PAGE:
Despite how well government tries to prove that there are no major differences between the affluent and the poor in the country, the fact still remains that there is and has been a wide difference most of which are simply glaring.
Drone photos taken by Johnny Miller of Unequal Scenes showing a clear divide between wealthy and poor areas in South Africa proves this fact.
South Africa has been notably classified by analysts, as a place where the rich get richer and the poor poorer. A place where government policies have created an “Irish Coffee” society – black at the bottom, white on top, with a sprinkling of black chocolate on the cream, a society worse off than under Apartheid.
The photographer Johnny Miller said discrepancies in how people live are sometimes hard to see from the ground. The beauty of being able to fly is to see things from a new perspective – to see things as they really are.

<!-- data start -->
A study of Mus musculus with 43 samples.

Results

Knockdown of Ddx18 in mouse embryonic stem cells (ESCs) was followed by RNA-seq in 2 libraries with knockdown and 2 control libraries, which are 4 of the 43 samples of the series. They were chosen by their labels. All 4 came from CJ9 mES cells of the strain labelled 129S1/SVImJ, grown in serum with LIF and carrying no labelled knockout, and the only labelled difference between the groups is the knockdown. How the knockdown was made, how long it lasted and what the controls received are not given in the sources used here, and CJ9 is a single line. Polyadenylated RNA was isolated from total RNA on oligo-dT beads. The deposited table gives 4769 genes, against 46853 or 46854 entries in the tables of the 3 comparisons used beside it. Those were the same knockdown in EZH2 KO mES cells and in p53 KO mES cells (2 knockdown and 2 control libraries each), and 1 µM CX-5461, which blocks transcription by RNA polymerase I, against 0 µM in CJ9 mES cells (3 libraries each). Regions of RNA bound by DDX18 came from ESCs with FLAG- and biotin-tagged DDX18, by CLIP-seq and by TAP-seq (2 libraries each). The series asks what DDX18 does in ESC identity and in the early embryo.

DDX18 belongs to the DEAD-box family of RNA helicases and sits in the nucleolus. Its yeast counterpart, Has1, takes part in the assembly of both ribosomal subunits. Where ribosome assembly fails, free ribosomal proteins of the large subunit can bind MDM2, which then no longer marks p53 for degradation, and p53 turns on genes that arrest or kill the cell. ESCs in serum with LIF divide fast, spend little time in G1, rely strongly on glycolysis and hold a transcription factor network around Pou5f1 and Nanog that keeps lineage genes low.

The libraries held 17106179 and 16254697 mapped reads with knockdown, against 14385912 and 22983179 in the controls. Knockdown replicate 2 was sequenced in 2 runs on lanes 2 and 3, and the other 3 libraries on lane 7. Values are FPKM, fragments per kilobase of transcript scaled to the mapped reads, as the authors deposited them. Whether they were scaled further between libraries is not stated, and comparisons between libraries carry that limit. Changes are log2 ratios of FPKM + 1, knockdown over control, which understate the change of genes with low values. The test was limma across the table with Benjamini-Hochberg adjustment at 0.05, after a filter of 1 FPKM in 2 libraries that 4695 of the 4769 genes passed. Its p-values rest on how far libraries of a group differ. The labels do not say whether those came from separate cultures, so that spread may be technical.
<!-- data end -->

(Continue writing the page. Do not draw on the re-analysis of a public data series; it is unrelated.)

“Looking straight down from a height of several hundred meters, incredible scenes of inequality emerge. Some communities have been expressly designed with separation in mind, and some have grown more or less organically,” he said as he explained his aim in taking on this project to center around showing South Africa as objectively as possible, highlighting the segregation of urban spaces that was instituted as policy during apartheid.
“Roads, rivers, ‘buffer zones’ of empty land, and other barriers were constructed and modified to keep people separate. 22 years after the end of apartheid, many of these barriers, and the inequalities they have engendered, still exist,” Miller said.
“Oftentimes, communities of extreme wealth and privilege will exist just meters from squalid conditions and shack dwellings.”
Miller, originally hails from the US but moved to Cape Town in 2011 on a Rotary Ambassadorial Scholarship, studying anthropology.
He said during his studies was fascinated by the method of city planning used during apartheid, which involved creating buffer zones to keep racial groups separate.
Take a look at these Drone photos and determine the Rich-Poor Gap in your locality
More photos of Miller’s project can be found on his site, Unequal Scenes.